Raytheon has carried out three final programme reviews of its Small Diameter Bomb (SDB) II ahead of a “milestone C” decision on production that the US Air Force is expected to make in May.

Raytheon completed a functional configuration audit on the SDB II in March and early April, along with a production readiness review and a systems verification review (SVR), in the lead up to the USAF’s decision, which would pave the way for low rate initial production (LRIP) of the weapon in 2015.

The functional configuration audit took place at Raytheon Missile Systems’ Tucson facility and assessed the SDB II’s functionality, the company says. The trials also verified through “rigorous testing” and documentation that the precision-guided weapon is in compliance with the approved design.

The production readiness review, meanwhile, proved that the current design of the weapon is ready for production. The SVR was a product and process assessment to determine that SDB II is ready for LRIP.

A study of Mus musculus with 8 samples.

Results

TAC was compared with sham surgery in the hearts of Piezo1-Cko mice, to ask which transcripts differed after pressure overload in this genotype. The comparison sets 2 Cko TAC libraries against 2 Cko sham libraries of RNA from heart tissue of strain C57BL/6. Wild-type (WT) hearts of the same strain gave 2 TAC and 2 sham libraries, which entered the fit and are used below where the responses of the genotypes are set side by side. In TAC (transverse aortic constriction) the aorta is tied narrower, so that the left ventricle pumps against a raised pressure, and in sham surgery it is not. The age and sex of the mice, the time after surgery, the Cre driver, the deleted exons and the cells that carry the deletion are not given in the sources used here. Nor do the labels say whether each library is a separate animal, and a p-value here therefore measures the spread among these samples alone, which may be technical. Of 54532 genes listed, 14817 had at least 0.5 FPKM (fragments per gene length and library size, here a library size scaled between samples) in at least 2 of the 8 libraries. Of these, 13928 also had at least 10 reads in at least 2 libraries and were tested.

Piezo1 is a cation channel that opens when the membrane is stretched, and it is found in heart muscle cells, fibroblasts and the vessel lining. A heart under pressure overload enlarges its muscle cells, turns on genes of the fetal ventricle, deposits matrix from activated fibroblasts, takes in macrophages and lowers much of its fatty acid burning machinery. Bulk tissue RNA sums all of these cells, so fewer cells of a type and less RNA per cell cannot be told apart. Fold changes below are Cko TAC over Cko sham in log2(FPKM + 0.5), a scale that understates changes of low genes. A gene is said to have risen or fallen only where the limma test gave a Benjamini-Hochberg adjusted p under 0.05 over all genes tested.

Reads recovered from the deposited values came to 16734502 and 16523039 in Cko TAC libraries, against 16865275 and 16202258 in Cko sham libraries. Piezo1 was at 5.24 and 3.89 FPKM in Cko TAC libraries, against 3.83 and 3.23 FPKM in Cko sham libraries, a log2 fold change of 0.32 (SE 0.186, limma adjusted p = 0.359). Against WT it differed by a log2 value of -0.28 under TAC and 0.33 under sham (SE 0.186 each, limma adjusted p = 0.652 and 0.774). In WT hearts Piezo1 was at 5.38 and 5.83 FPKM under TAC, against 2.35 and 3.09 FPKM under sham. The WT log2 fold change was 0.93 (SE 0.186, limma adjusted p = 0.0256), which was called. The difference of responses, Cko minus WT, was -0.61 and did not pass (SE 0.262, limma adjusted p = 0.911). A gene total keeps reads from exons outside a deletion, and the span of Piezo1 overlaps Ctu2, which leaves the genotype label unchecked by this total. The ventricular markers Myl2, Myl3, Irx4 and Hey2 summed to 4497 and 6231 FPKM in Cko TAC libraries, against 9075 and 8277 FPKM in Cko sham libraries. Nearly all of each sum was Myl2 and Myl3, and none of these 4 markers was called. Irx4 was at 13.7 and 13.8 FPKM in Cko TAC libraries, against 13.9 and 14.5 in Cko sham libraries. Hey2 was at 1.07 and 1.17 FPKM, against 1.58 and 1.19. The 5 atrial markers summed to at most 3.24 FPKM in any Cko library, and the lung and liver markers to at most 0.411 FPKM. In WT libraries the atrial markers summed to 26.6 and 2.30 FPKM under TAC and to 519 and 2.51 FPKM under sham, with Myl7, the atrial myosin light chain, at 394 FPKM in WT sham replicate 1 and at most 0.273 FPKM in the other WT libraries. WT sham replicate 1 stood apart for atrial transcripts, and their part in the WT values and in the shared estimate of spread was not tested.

Once a decision is made SDB II will enter production and a “government confidence testing period”. Operational testing will begin in 2016.

“Raytheon has fully tested SDB II and verified that we meet or exceed the requirements necessary for a Lot 1 production decision laid out in the specifications provided by the US government,” says Jim Sweetman, SDB II programme director for Raytheon Missile Systems.


Two successful tests firing against moving targets took place – one in September 2014 and one in early February – at White Sands missile test range in New Mexico, which qualified the weapon for the USAF’s milestone C decision.

The F-15E deploys SDB II from its BRU-61/A four-weapon carriage system, which allows the aircraft to carry seven lots of four of the weapon.

The SDB II incorporates a tri-mode seeker comprising millimetre-wave radar and infrared and laser-guidance sensors. This, in addition to the GPS and inertial navigation elements, achieves precision guidance. The weapon also includes a multifunction warhead designed to counter hard and soft targets.